Column: Keeley's Corner
Celebrating The Neglected Art Of The Album
Published: Wednesday, January 30, 2013
Updated: Wednesday, January 30, 2013 23:01
Anyone who’s read a single think piece about the music industry in the past, oh, decade or so, is undoubtedly familiar with this basic story: the industry is undergoing a paradigm shift, physical media are on the verge of extinction, and digital music is the new king. By now it’s a pretty trite and obvious narrative, and I don’t really have any interest in rehashing it. Nor have I ever really felt the passion of those audiophiles who decry these changes as fundamentally harmful. Yes, it’s true that digital music files are lower quality than vinyl, but for me the increased ease of access to music that iTunes, Spotify, and the like provide are largely more significant than the potential downsides.
Still, I do have one caveat. It’s occurred to me several times recently, whether I’m bouncing around campus with headphones stuck in my ears, listening to relaxing homework-friendly music, or queuing up the playlist I fall asleep to: I don’t listen to albums much anymore. I’m not sure anyone does, really. Songs, yes—creatively themed playlists, sure, but albums? In the age of iTunes, where songs are so easily available for individual purchase, the art of the album is too often neglected.
I find this trend a little sad, because I think the album is the ultimate musical art form. Too often, the album can be seen as simply a vehicle for songs or a convenient way to smother a few singles between a bunch of filler. Many, maybe even most, albums fit this bill, regardless of the quality of their individual tracks. But at its best, the album offers something more interesting: a thoughtfully composed, thematically integrated sonic experience.
The first album that I loved as an album, rather than just a collection of songs, was The Beatles’ 1967 masterpiece Sgt. Pepper’s Lonely Hearts Club Band. It’s the ultimate concept album, from the iconic cover art to the progression of the tracks, which often flow directly into each other rather than beginning and ending discretely. The title track gets a reprise toward the end of the album, forming a nice circularity, yet the album isn’t wholly uniform. The Beatles make way for fascinating experiments, channeling Indian sounds on “Within You Without You” and ending with the complexly layered “A Day In The Life.” From beginning to end, it’s a fascinating and inexhaustible work. As a 7-year-old I wore out the CD from repeated play, listening again and again to fully explore its contents, even the parts I didn’t quite get. That’s the kind of listening experience that is all too rare today.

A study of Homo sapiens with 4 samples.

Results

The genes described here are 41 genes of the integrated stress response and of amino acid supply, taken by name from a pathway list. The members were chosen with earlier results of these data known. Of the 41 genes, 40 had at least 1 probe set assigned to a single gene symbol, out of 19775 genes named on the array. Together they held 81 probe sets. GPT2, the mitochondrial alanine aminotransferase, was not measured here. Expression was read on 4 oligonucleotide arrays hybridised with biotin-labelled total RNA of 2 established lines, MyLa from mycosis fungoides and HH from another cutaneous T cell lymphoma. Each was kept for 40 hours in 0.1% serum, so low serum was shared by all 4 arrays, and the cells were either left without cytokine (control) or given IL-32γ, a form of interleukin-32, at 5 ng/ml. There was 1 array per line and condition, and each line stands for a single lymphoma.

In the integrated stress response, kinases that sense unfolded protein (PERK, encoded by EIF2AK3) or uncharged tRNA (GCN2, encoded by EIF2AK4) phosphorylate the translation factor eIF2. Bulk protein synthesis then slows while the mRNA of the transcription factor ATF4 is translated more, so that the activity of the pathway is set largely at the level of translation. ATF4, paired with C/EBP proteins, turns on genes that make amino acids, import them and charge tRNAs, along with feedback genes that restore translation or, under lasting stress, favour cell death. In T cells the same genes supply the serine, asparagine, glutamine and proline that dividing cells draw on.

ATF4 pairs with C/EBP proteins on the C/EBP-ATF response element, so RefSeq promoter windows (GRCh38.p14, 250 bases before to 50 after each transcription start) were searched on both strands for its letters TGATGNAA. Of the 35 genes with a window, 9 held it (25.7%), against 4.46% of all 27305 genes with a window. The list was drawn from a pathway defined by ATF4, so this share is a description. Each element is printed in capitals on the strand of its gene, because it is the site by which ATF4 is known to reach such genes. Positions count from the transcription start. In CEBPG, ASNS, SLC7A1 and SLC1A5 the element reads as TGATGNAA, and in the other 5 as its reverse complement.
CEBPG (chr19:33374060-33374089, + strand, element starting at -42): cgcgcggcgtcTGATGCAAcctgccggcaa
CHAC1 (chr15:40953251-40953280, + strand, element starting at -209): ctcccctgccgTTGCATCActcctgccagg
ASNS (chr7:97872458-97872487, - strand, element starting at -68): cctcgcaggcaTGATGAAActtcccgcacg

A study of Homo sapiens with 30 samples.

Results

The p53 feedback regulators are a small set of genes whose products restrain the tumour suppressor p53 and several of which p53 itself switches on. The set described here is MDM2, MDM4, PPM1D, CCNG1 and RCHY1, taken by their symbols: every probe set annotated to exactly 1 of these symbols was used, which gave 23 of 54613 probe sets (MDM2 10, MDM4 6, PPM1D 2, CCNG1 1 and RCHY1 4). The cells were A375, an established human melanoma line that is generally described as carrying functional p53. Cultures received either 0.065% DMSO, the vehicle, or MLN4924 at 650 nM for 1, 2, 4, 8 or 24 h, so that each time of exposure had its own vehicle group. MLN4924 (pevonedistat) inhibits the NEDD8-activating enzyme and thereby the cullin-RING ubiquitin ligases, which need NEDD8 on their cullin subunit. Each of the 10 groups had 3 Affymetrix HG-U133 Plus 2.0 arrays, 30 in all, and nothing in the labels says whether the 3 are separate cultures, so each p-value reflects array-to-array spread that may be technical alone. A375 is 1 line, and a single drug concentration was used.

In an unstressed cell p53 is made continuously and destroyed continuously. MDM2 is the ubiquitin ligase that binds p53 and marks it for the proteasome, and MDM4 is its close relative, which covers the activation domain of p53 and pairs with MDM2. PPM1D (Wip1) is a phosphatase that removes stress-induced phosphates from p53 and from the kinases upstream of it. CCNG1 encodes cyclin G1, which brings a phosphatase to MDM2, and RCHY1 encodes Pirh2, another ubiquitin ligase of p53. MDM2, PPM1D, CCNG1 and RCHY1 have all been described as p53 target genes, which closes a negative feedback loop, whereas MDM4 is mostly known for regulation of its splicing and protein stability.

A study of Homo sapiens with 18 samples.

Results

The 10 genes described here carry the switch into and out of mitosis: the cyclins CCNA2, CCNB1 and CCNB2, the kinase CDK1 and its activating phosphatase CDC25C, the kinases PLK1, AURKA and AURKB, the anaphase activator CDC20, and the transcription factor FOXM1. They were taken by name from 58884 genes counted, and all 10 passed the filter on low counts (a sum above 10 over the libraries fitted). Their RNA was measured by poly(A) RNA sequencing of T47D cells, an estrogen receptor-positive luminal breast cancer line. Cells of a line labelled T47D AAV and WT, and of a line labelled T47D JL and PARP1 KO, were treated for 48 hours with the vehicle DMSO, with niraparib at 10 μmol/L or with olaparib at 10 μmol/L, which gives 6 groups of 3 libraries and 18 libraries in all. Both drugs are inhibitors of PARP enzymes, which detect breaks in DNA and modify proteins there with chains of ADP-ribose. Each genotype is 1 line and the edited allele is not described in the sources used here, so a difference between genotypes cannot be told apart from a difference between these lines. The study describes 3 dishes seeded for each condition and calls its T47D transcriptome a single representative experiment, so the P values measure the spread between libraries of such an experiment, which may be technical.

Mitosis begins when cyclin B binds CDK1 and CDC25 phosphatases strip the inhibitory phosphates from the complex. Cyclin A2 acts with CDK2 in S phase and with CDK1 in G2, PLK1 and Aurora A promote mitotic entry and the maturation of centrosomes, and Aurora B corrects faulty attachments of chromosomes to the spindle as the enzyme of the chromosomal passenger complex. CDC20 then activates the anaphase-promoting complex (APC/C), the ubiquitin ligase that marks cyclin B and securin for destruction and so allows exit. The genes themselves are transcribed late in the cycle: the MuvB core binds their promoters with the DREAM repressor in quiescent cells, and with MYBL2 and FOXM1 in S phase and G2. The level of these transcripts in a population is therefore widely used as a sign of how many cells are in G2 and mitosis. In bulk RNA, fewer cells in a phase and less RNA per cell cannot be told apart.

The more I think about it, the more I realize that I measure watershed moments in my musical development in terms of albums, not songs. Two albums ultimately sealed my unfathomable love for Bob Dylan and Bruce Springsteen: Dylan’s Blood on the Tracks and Springsteen’s Darkness on the Edge of Town. Dylan’s is the ultimate breakup album, written in the lead-up to his divorce and encompassing every contradictory emotion about love you can possibly imagine. Darkness is the Boss’ angriest album, a sad and gritty look at working-class characters stuck in a rut and trying to rise above their circumstances. I am neither a lovesick poet nor a Jersey steelworker, yet these two albums formed a pivotal component of my soundtrack in high school. Eventually, albums become such familiar companions that you treasure every little detail of the sequencing—like how the long keyboard outro of “Racing in the Street” transitions to the pumped-up anthem “The Promised Land,” or how Dylan’s brilliantly ferocious, nasty howl of a breakup song, “Idiot Wind,” moves into the lovely, lilting harmonicas of “You’re Gonna Make Me Lonesome When You Go.” These songs, to me, are inseparable from their location in their respective albums, and the ways in which they speak to each other.
Is the art of the album dead? Far from it, but perhaps we need to remember how to listen. For a long time, I tried but couldn’t get into Bon Iver, the celebrated indie folk group. I liked the popular song “Skinny Love,” but beyond that was left cold. All the songs I heard seemed the same, defined by Justin Vernon’s wispy falsettos and titled with random place names. Then I finally took some time to listen to the group’s two albums all the way through. I haven’t stopped since. Songs that didn’t click as individual tracks suddenly made so much more sense within the context of the album.
It’s a friendly reminder that sometimes we need to turn off Shuffle, ignore our playlists, and have the patience to listen to our music as it was originally intended.